A Poignant Poem from a Beautiful Life that was Lost

silhouette of hopeless young woman

Every day, every hour in America, lives are lost to drugs like heroin, fentanyl, cocaine and meth. There are some people who think it’s okay to let these people die because they are “so obviously self-destructive” but those who love these lost souls know different. They know the good, funny, loving person inside the addicted person. They know the hope and promise of that individual when he or she was young—dressing up in a suit and tie or a prom dress for the first time, bringing home good grades, or taking pride in helping their parents or siblings. The parents and other family of this individual have felt their hearts swell with pride over and over again at this person’s early accomplishments.

When the joy of life began to slip away as drugs took over, this family fought the demon hard. They found rehab after rehab, even if there seemed to be no money for it. They intervened, checked up on the person at all hours of the day or night, whatever it took to try to save that person’s life.

But for more than a hundred Americans every day, the battle with deadly drugs was lost. And their loved one was finally in no more pain and had to fight the cravings no more.

In July 2017, the Farrell family in Pennsylvania had to say goodbye to their beautiful daughter Delaney, after a “long and hard battle with drug addiction.” She loved to make jokes and get people laughing, the family reported in her obituary. And she loved Oreo cookies, singing and posting selfies on Facebook.

She wrote about her tortured journey through addiction in her journal and sent one of her last entries to her sister. This poem accurately expresses the anguish a good, loving person feels as they are dragged through the degradation drugs like heroin and methamphetamine cause. Her poem reveals the truth: That good, loving person is still there. She or he is simply imprisoned in the cravings for drugs.

Read it for yourself and see what you think.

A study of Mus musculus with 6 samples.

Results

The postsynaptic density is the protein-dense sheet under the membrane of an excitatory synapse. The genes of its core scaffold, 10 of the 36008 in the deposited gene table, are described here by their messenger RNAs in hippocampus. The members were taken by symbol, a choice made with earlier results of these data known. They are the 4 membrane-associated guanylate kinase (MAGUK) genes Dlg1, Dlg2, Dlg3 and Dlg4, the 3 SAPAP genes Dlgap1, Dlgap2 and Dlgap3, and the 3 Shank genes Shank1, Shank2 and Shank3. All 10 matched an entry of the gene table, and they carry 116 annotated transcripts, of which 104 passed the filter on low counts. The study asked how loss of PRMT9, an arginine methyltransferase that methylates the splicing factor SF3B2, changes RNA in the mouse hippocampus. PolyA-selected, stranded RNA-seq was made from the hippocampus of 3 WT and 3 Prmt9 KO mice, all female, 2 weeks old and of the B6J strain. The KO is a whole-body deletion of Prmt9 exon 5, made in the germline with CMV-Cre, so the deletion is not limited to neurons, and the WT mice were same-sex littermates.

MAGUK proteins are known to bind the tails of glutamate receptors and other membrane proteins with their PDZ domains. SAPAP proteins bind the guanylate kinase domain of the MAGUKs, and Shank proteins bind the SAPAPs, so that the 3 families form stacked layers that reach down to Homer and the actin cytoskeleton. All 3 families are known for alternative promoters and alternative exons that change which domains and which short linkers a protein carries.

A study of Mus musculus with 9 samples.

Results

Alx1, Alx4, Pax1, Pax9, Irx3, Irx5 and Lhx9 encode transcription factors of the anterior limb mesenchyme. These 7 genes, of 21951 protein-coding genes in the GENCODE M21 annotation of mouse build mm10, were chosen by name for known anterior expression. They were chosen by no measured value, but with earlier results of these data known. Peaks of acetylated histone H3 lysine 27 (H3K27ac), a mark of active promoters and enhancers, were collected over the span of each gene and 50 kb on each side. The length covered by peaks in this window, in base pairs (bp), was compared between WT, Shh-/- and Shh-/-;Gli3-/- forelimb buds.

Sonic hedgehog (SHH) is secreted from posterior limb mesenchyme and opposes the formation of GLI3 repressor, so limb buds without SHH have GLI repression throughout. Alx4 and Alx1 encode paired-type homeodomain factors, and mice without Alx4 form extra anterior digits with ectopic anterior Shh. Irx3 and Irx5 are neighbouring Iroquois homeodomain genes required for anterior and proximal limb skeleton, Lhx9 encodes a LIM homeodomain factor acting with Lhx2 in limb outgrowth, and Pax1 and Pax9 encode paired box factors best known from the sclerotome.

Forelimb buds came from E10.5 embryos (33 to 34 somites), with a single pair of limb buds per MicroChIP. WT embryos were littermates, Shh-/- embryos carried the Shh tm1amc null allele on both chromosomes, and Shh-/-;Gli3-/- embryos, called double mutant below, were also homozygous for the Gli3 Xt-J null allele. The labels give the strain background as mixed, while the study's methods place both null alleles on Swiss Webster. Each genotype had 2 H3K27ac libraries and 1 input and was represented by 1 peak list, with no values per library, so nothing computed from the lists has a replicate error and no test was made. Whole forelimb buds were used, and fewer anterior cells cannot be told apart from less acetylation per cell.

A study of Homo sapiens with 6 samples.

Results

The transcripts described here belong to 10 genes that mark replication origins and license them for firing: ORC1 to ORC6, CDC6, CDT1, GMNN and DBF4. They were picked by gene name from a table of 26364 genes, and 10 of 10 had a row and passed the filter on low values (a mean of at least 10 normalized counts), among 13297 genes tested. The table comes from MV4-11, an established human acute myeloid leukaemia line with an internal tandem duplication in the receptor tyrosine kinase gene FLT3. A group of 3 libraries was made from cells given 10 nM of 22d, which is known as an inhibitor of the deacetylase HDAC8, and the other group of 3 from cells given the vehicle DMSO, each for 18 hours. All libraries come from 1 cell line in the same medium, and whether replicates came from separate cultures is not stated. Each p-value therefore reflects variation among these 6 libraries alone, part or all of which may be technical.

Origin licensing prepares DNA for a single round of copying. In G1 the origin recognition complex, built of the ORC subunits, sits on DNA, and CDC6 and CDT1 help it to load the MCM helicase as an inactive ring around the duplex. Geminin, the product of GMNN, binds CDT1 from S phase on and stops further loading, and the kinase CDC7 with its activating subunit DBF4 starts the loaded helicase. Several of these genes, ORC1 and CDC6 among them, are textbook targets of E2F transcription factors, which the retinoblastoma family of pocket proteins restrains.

“Funny, I don’t remember no good dope days.
I remember walking for miles in a dope fiend haze.
I remember sleeping in houses that had no electric.
I remember being called a junkie, but I couldn’t accept it.
I remember hanging out in abandos that were empty and dark.
I remember shooting up in the bathroom and falling out at the park.
I remember nodding out in front of my sister’s kid.
I remember not remembering half of the things that I did.
I remember the dope man’s time frame, just ten more minutes.
I remember those days being so sick that I just wanted to end it.
I remember the birthdays and holiday celebrations.
All the things I missed during my incarceration.
I remember overdosing on my bedroom floor.
I remember my sister’s cry and my dad having to break down the door.
I remember the look on his face when I opened my eyes,
thinking today was the day that his baby had died.
I remember blaming myself when my mom decided to leave.
I remember the guilt I felt in my chest making it hard to breathe.
I remember caring so much but not knowing how to show it.
And I know to this day that she probably don’t even know it.
I remember feeling like I lost all hope.
I remember giving up my body for the next bag of dope.
I remember only causing pain, destruction and harm.
I remember the track marks the needles left on my arm.
I remember watching the slow break up of my home.
I remember thinking my family would be better off if I just left them alone.
I remember looking in the mirror at my sickly complexion.
I remember not recognizing myself in my own Damn reflection.
I remember constantly obsessing over my next score but what I remember most
is getting down on my knees and asking God to save me cuz I don’t want to do this no more!!!”

Perhaps it would be therapeutic for people who think that the addicted should be allowed to die to read this poem. Perhaps they would see the truth for themselves.

Everyone deserves the chance to live, to find recovery.

It is our great privilege to help at this desperate time of a person’s life. It gives us joy to see these people get back on their feet and learn how to live sober lives again. Time after time, we see the good person return, even after the worst experiences addiction has to offer. We know that always, there is hope.

To read Delaney’s obituary written by her loving family, click here.


Sue Birkenshaw

Sue has worked in the addiction field with the Narconon network for three decades. She has developed and administered drug prevention programs worldwide and worked with numerous drug rehabilitation centers over the years. Sue is also a fine artist and painter, who enjoys traveling the world which continues to provide unlimited inspiration for her work. You can follow Sue on Twitter, or connect with her on LinkedIn.